In the 21st century, St. John's will seek to foster good worship, music, education, and outreach. Through the continual expansion of our ministry, we will be a positive force in the world.
The Union Chapel, our first place of worship, was built in 1859 on the north side of Pudding Lane, now Lattingtown Road, across from the John E. Aldred estate (now St. Josaphat’s Monastery). A New Union Chapel, on the present site of St. John’s, started under the auspices of St. Paul’s, Glen Cove and was later incorporated as an independent Episcopal parish in 1915 under the name of St. John’s of Lattingtown. This building, originally referred to as the New Union Chapel, was constructed in 1912 and the first Union Chapel was razed a year later. William Guthrie, whose estate bordered the old Latting Town, and his descendants, along with the Weirs, contributed funds and native stone for the facing of this building at a total cost of approximately $30,000. Differences of opinion surfaced about whether the New Union Chapel would continue as a Union Chapel or be an independent Episcopal parish. Mr. Guthrie preferred a Union Chapel because his marriage to a divorced woman had resulted in his excommunication from the Roman Catholic Church, although he still considered himself a Roman Catholic. St. Paul’s Episcopal Church in Glen Cove opposed the idea of being an independent Episcopal parish because St. Paul’s would no doubt lose parishioners and income as a result. For some time, the clergy of St. Paul’s had provided ministers to the Union Chapel in the summer.
The New Union Chapel was consecrated by the Rt. Rev. Doctor Frederick Burgess, Episcopal Bishop of Long Island, on June 11, 1916. The Rev. Charles E. Hinton became the first full-time rector in 1915. The rectory (now called the Parish House which is currently used for church offices) was added to the structure in 1919. A garage (now known as the Dunlaevy Building, used by the nursery school children) was added in 1920.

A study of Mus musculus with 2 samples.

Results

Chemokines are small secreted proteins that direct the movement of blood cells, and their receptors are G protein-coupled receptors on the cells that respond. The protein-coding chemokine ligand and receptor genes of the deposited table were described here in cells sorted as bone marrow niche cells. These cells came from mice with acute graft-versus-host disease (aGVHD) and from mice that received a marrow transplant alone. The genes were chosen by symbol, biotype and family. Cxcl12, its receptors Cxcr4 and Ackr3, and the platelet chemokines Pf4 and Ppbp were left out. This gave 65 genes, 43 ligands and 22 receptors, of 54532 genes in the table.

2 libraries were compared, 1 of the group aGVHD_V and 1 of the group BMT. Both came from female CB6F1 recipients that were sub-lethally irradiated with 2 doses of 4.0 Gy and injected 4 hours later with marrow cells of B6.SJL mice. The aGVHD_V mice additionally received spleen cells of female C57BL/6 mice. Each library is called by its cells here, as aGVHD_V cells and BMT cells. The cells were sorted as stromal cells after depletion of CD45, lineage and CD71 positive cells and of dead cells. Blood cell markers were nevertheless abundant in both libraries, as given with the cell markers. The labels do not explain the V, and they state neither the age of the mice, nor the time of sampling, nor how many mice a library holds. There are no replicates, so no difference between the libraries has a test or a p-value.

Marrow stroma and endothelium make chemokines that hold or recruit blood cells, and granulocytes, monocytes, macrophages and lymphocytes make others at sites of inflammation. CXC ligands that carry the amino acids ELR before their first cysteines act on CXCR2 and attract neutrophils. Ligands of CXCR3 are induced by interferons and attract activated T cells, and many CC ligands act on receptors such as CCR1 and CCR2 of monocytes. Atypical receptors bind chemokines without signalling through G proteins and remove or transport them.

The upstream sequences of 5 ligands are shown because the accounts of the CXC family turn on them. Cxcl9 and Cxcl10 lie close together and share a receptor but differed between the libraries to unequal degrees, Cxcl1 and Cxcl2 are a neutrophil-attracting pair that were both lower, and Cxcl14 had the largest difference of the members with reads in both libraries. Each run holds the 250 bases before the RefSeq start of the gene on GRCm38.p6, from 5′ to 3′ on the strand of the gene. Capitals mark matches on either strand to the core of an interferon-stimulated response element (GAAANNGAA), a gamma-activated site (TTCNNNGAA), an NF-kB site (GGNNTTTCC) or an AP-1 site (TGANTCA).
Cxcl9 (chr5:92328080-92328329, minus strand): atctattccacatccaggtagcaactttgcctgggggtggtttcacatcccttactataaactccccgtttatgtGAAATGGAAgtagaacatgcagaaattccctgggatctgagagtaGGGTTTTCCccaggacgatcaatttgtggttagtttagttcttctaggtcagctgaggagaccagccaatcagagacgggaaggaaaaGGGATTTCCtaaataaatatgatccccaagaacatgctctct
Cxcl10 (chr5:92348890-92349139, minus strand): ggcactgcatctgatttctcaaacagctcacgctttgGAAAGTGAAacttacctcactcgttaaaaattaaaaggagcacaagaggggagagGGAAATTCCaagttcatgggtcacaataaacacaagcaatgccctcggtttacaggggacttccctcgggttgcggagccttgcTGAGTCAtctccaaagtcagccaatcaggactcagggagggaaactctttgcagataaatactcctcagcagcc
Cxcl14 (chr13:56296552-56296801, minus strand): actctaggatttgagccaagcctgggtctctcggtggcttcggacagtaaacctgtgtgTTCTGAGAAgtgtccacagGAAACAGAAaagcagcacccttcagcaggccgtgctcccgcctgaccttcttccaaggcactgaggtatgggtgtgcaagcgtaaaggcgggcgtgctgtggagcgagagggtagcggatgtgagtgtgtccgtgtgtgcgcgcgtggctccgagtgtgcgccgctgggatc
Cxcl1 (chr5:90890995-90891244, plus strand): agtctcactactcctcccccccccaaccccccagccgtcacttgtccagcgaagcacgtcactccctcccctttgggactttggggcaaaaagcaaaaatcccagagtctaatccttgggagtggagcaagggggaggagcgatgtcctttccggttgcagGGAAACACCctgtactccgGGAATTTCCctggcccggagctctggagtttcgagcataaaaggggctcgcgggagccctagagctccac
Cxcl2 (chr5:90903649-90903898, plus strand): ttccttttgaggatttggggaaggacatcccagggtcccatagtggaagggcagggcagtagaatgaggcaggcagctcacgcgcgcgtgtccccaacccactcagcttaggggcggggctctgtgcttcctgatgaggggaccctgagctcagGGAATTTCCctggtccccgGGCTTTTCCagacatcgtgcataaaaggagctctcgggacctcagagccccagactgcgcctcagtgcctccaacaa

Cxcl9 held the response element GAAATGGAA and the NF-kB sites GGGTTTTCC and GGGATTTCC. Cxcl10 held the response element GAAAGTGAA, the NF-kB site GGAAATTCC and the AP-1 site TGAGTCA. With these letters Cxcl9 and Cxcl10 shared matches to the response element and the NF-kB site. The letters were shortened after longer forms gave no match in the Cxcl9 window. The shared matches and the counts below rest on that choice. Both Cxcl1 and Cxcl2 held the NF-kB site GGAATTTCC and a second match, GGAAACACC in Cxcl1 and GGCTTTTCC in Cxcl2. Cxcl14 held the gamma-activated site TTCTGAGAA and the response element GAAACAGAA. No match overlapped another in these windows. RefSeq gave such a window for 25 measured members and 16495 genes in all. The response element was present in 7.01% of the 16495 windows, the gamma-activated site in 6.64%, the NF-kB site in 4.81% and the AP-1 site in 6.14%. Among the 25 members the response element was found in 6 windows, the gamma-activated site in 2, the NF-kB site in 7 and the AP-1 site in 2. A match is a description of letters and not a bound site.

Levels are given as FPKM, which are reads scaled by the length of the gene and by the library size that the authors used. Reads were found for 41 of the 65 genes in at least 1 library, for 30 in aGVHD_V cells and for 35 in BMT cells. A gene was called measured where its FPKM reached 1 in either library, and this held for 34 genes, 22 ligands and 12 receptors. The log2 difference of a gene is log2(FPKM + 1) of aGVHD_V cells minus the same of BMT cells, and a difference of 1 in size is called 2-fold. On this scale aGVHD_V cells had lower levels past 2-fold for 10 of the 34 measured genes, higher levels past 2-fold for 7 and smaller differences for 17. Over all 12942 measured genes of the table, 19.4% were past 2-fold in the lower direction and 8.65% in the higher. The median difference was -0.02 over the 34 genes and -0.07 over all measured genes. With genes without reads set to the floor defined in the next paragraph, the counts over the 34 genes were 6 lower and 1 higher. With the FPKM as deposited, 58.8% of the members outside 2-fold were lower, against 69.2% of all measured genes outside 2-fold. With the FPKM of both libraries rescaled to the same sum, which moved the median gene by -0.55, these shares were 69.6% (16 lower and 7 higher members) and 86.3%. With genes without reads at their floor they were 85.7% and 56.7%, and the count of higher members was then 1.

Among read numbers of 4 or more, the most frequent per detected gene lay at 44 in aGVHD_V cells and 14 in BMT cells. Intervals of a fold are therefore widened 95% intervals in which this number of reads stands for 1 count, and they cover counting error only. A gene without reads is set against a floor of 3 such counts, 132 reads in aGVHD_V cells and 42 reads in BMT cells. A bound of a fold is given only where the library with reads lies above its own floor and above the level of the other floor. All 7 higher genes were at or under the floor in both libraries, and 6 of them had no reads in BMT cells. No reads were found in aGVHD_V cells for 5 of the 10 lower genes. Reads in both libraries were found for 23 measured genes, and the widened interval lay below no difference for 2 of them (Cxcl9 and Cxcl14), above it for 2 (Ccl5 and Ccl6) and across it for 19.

The magnificent wood carvings for the interior of the church was financed by J.P Morgan. By November 1923, they were ready for installation which required the closing of the building for four months. At the same time, it was decided to lengthen the church, adding room for 2 additional pews, move the entrance to its present position on the southeast corner, and install a limestone floor. When the Church reopened in 1924, the unneeded furnishings were sent to St. John's Church in Far Rockaway. In 1957, the church was again expanded to its present size. With the addition of the side aisles and arches, relocation of the windows became necessary. The walls were taken down and the blocks numbered and reassembled under an expanded roof line to resemble the original structure.
In 2002, the Cloister was dedicated after a five year construction effort committed to preserving the architectural integrity of the church. This project included the construction of the wing containing the Guild room, a modern kitchen and a large classroom in the basement. Besides the beautiful contemplative space the cloister provides, it also allows far more accessible egress to coffee hour after church. Until then, one had to thread through a warren of rooms to gain the Parish Hall. In 2014, the old failing pipe organ, originally installed in the 1920s, was replaced by a new instrument designed and installed by the Sebastian Gluck Organ Company of New York. The exquisite organ case, also dating from the 1920s, was meticulously preserved and restored, with new lighting. If you would like a more complete history of St. John's please look at our brochure A Tour of St. John's or come and visit us during office hours.